Last week, Robust Intelligence hosted the inaugural AI Risk Management Summit in Tokyo. The conference brought together leaders and experts from various industries to discuss the risks and security challenges introduced by the rapid adoption of AI, and to determine how Japanese companies might proactively mitigate these issues.
Executives from 46 organizations across a number of industries participated in the Summit, including representatives from Deloitte, Mercari, Mitsubishi, Mizuho Financial Group, Rakuten, Recruit, Sompo, Softbank, and Yahoo! Japan.
The highlights below offer a glimpse into the future of AI adoption and risk management in Japan.
The Summit commenced with introductory remarks from Masaaki Taira, a member of the Japanese House of Representatives and Chairman of the Liberal Democratic Party’s Project Team on the Evolution and Implementation of AI.
In his message, Taira shared his enthusiasm and support for the burgeoning AI industry. He underscored the potential of AI to greatly aid in addressing various issues faced by the country today and continuously emphasized the importance of responsible AI risk management.
Keynote: “What AI risks do we face now?”
In his keynote address, Yaron Singer, founder and CEO of Robust Intelligence, introduced a framework for understanding AI risk and discussed how businesses are working to address these different forms of risk.
His presentation began with an exploration of the three primary AI risk categories—operational, ethical, and security—with supporting examples provided for each. Yaron continued with four practical steps that Robust Intelligence recommends businesses consider to minimize risk in their deployment and continued use of AI:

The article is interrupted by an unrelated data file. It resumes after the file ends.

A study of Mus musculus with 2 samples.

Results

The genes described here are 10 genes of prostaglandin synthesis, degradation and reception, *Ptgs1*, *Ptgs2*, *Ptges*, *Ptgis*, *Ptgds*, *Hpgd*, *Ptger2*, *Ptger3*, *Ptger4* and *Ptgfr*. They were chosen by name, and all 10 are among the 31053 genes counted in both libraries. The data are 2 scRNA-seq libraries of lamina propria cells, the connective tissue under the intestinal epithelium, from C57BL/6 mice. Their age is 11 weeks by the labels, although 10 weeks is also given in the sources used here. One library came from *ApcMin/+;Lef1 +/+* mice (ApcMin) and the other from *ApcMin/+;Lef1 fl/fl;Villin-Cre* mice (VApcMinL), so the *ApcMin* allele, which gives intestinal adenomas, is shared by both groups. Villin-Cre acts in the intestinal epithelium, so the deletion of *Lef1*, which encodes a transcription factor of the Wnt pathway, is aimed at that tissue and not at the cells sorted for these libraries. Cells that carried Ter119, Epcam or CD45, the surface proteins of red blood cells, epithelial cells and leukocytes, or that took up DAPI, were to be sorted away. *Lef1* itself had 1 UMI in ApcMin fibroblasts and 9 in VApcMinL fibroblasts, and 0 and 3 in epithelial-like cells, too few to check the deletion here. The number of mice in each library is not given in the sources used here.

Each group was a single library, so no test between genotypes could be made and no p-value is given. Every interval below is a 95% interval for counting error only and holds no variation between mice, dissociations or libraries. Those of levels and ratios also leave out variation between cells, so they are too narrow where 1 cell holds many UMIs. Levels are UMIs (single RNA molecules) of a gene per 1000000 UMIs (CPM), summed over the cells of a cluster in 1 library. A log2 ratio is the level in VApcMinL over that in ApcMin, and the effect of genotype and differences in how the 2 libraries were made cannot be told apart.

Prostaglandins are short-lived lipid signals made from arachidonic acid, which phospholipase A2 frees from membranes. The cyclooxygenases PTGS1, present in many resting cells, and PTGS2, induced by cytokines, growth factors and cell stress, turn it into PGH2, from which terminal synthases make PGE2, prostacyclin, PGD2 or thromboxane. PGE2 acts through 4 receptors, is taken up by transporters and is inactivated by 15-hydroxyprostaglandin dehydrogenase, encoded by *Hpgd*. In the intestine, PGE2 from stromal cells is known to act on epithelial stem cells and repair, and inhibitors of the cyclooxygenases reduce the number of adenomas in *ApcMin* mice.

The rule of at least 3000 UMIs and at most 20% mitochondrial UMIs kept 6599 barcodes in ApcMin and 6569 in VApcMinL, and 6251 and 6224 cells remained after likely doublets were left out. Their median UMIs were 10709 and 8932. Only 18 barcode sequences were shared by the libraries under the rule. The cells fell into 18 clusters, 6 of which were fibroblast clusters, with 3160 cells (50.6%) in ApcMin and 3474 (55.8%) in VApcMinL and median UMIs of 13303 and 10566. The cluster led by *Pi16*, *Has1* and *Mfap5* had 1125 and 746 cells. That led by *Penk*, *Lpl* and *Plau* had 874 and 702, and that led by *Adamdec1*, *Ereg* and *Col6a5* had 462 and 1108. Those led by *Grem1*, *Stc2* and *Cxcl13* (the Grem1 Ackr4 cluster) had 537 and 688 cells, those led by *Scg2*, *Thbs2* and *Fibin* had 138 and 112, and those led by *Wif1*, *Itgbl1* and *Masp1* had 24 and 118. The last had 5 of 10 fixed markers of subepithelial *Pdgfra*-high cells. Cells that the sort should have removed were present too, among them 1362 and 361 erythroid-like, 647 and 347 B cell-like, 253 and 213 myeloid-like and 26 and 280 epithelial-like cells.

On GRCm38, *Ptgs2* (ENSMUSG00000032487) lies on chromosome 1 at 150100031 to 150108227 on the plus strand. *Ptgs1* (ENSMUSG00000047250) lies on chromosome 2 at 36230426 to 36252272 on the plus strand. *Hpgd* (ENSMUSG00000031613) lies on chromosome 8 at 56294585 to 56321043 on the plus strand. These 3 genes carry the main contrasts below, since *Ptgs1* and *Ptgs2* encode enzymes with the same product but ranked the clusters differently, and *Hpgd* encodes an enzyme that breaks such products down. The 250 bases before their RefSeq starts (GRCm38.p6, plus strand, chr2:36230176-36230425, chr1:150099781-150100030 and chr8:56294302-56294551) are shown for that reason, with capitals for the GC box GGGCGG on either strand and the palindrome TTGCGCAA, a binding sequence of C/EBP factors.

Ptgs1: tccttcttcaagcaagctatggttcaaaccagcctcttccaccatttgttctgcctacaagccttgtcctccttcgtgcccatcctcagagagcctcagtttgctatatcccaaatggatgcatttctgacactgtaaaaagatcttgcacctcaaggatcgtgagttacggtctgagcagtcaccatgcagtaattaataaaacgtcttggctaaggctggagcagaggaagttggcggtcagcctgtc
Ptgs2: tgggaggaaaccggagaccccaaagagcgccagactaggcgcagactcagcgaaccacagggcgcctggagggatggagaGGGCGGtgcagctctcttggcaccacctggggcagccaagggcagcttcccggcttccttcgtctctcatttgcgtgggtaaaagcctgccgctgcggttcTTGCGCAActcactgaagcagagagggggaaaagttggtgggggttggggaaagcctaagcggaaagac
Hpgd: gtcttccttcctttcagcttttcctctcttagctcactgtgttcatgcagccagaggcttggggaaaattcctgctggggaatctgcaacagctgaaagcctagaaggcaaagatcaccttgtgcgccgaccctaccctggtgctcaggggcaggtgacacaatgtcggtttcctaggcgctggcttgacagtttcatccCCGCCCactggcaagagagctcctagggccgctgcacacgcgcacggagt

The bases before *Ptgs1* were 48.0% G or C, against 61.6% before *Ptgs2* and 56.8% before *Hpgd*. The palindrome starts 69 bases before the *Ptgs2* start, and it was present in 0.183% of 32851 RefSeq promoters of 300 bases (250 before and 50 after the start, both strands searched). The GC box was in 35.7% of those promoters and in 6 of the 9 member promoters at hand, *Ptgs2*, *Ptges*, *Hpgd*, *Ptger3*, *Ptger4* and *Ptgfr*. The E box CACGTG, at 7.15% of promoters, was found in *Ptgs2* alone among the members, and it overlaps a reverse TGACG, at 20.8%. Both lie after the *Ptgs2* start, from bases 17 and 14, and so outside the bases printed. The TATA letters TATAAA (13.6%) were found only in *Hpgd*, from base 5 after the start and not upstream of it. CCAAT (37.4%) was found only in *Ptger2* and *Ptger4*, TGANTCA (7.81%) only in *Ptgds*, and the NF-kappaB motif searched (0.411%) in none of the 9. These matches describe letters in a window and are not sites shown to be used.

- Policy: Identify AI vulnerabilities, consider how to control the identified risks, and formalize an internal policy.
- Testing: Implement testing tools to automate AI risk verification throughout the development and operation of AI models and services.
- Protection: Introduce an AI Firewall to prevent problematic inputs and outputs in real time and protect AI models and services in production.
- Reporting: Automate the reporting of detected risks to reduce costs and maintain communication between relevant departments.
Panel discussion: “Ensuring trust in AI: turbulent policy trends and the governance models required of companies”
In this panel discussion, four experts on AI risk management convened to share their perspectives on domestic and international policy and conceptualize a shared vision for AI governance standards across society.
Speakers also went beyond policy to examine risk within the AI supply chain. They noted how every player must consider the issue of AI governance, from model developers and AI service providers to the end users, in order to understand and combat AI risk.
Establishing the AI Governance Association
An especially important and exciting part of this panel was the announcement of the AI Governance Association (AIGA) establishment. The AIGA isa consortium where representatives across industries can discuss the state of AI governance so that Japanese companies and society can utilize AI with confidence and achieve sustainable growth.
Robust Intelligence will serve as the administration of AIGA and contribute to activities such as fostering a common understanding of AI governance in Japan and making proposals for policy makers. Over twenty-five companies have joined to date, including Sompo, NEC, Manulife, Deloitte, Recruit, Fujitsu, MUFG, and Mizhuo.
Concluding thoughts & the future of AI in Japan
Kojin Oshiba, the co-founder of Robust Intelligence, delivered closing remarks for the conference and reflected on the day’s discussions around AI risk management, policy development, and AI governance.
The emergence and proliferation of AI over the past year has undoubtedly taken the world by storm; the convening of Japanese business leaders and experts at the AI Risk Management Summit only underscores a shared desire to embrace AI as safely and securely as possible. Moreover, it highlights the need for collaboration in this space as no single entity can effectively contend with the challenges of this field alone.